City of Edinburgh Council unveils plan for ending poverty by 2030



Cammy Day

Just under two months since becoming the first UK local authority to set a target date for ending poverty, the City of Edinburgh Council has unveiled a ten-year delivery plan outlining the actions it will take to help eradicate poverty in the capital by 2030.

The End Poverty in Edinburgh Delivery Plan 2020-2030 will be considered by the council’s policy and sustainability committee on 1 December. It sets out key actions to be taken by the council over the next decade in response to the final report from the Edinburgh Poverty Commission, which was published in September this year.

Preventing poverty through people-focused and “poverty-proofed” council services, helping households maximise their incomes, establishing Edinburgh as a Living Wage City and pressing the UK and Scottish Governments for changes to housing investment and social security policy are among the priority actions outlined in the delivery plan.

Council leader Adam McVey, said: “Tackling poverty and inequality in our city drives the choices we are making as a council. We have to act decisively if we’re to eradicate poverty in the capital by 2030. The first iteration of the delivery plan, just weeks after we received the final recommendations from the Edinburgh Poverty Commission, is the next major step towards that aim.

“The ongoing impact of the COVID-19 pandemic has hit those on lowest incomes hardest, this should challenge all of us to join the fight to end poverty in Edinburgh. We’ll be ensuring this is central to the choices we make when setting our budget and refreshing the council’s Business Plan in early 2021.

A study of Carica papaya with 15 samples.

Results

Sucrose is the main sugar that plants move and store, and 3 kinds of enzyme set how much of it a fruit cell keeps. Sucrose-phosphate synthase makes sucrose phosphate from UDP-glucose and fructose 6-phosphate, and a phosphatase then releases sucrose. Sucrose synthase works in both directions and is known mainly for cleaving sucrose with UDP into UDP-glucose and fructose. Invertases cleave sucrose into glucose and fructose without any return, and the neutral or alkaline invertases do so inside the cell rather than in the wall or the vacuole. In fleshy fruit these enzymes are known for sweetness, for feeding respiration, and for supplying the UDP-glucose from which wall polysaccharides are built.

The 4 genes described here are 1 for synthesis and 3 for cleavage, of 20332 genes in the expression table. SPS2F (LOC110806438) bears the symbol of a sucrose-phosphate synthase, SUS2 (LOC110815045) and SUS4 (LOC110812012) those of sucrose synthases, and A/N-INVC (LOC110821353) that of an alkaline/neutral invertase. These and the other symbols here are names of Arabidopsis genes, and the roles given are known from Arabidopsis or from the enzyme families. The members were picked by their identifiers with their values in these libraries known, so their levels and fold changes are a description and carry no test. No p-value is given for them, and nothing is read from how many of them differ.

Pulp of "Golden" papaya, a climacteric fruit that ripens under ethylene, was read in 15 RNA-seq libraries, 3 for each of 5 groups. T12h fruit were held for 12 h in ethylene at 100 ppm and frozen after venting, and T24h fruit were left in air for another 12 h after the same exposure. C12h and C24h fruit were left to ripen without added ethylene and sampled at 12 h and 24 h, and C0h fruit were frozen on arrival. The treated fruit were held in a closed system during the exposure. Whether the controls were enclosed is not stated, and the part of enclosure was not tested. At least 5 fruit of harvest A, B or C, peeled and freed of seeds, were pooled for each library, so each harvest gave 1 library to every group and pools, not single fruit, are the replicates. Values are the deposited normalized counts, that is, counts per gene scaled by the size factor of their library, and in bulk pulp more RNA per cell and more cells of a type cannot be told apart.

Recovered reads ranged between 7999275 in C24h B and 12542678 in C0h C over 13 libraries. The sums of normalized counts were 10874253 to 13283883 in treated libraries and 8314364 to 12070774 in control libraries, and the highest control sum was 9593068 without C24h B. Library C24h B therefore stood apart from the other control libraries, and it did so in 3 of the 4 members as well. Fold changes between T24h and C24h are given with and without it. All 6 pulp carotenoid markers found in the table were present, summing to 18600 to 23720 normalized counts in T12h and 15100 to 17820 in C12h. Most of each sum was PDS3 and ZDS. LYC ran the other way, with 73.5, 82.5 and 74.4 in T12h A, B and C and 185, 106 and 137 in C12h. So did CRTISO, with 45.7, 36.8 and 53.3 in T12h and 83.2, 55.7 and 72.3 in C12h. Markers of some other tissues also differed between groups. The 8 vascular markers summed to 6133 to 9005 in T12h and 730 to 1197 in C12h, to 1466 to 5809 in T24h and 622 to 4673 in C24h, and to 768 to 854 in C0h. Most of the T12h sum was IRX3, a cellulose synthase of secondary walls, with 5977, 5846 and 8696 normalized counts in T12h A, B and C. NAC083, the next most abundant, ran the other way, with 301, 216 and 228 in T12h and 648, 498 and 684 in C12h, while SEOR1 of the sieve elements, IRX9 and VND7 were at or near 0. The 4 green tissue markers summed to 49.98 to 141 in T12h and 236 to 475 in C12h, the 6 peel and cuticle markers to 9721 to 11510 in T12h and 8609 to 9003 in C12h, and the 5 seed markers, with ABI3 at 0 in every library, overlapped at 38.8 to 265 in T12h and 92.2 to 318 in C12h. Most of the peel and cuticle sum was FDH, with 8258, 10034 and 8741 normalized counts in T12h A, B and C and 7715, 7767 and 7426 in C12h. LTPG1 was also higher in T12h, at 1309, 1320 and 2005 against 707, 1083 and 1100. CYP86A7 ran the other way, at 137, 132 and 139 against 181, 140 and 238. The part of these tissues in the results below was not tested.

“This isn’t something the council can achieve in isolation, however, and this plan is only the first step towards meeting the call to action the Commission has set for us all. The next year will be critical in making sure we pull together and start the long-term work we need to do to end poverty in Edinburgh.”

Cammy Day, depute leader, added: “It’s estimated there’s as much as £80 million in unclaimed benefits in the city. Making sure people are able to access all the financial support they are entitled to is one vital step we can take towards ending poverty in Edinburgh. The Edinburgh Poverty Commission report showed us that there are already a number of excellent support services working hard in this city to help Edinburgh residents do just that, but there is much more we need to do.

“Eradicating poverty in Edinburgh will take a massive collective effort - a ‘whole city approach’ - and this new delivery plan will see us working with our partners across the city to extend these supports and make sure high quality services to prevent or help people out of poverty are embedded in every community in Edinburgh.

“We’ll also continue to press the Scottish and UK Governments hard on making essential changes to housing investment and to social security policy and implementation to build a stronger support system for Scotland that, to quote the Edinburgh Poverty Commission report, ‘is based on a fundamental objective of providing income security sufficient for people in Edinburgh to live free of poverty’.”

The End Poverty in Edinburgh Delivery Plan 2020-2030 highlights 13 priority actions needed to accelerate progress towards the goal of ending poverty in Edinburgh by 2030, and 44 actions identified for delivery and implementation through existing or forthcoming mainstream council plans and strategies.

The Plan’s actions span seven ‘action areas’, as outlined in the final report from the Edinburgh Poverty Commission:

  • The right support in the places we live and work
  • Fair work that provides dignity and security
  • A decent home we can afford to live in
  • Income security that offers a real lifeline
  • Opportunities that drive justice and boost prospects
  • Connections in a city that belongs to us
  • Equality in our health and wellbeing

If approved by councillors on the policy and sustainability committee on 1 December, the Delivery Plan will then be implemented, with a detailed progress monitoring framework brought back to committee within two cycles.